European workers, to different degrees, are back on the barricades trying to stem the flood of budget cuts that seem inevitable. According to most economists, at least the Keynesian ones, England is about to be plunged in the darkest economic tunnel, with the deepest cuts ever to be faced by a country at any given time. No matter where you sit, unless you inhabit the upper echelons of the mega rich, you are probably suffering.

If you are European, there are some benefits one has come to take for granted – extended maternity leave, generous pensions, free (good) health care, excellent transport systems and long vacations amongst the most basic ones. God knows I do miss the long vacations everyone takes with no compunction and which, compounded with the office closures at Christmas, Easter and assorted saints’ days and religious holidays most people would be hard pressed to remember the meaning of, make working life a lot more pleasant than in the US.

French students are ditching school, marching in support of unions’ workers, rallying against the pension’s age being raised and every time I open a newspaper I expect to see French mothers taking to the streets too. Benefits accorded to French women who choose to have babies are probably the best in the world – French women are actually encouraged to have lots of children by being afforded extensive leave, free childcare and huge tax cuts meaning that your fourth child will essentially pay for himself. And in an  exquisitely French twist, after giving birth, the government will pay for a mother and her vagina to get back in shape. I am not kidding. It is apparently the duty of a French woman to always look her best and, apparently, also be in tip-top shape when it comes to the boudoir. The same way birthing classes are offered before popping the baby, lessons on how to get your vagina’s elasticity back, lest the husband complain, are available. For free.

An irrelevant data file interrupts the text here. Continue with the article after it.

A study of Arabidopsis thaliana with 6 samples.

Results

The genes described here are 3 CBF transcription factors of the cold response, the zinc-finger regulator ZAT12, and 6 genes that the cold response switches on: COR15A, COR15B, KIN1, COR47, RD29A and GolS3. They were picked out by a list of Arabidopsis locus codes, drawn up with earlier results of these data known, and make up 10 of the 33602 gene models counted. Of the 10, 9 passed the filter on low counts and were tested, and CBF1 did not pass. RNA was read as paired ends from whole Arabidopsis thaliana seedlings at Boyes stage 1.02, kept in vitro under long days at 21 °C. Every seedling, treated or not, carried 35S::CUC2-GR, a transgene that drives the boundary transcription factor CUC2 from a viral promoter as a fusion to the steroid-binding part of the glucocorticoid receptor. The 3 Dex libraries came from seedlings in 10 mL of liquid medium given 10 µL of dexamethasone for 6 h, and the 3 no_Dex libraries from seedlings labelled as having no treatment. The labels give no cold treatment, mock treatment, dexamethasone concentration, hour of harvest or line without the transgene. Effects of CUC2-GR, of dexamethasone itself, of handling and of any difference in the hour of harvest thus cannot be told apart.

It must be hard to be a French woman and live up to all the expectations the male world has of you. Despite having the highest birth rate in Europe, France does not fare very well when it comes to compensate women on a par with their male counterparts or in the percentage of women at the top, whether it be politics or management. But, on the other hand, I am looking at the photo in the NY Times of a in Parisian doctor, four children in tow, at 8 in the morning, taking them to school perched on high pumps and looking trim and glamorous before starting her shift at the hospital.

I am not entirely sure how I feel on the matter. Given the high taxes most Europeans pay, expecting and receiving certain services and benefits should be a given. Is having the state encouraging women to regain their figures after a pregnancy an objectification or a welcome perk? Looking at it with my American mind I see a meddling taken too far – as a European used to be taken care of when something goes wrong or in times of need, I find it rather flattering. At the end of the day, it shows where national priorities lie and why obesity is less of a problem in the land of cream and butter.

What the exercises are, in cases you are wondering, the French are keeping it a secret.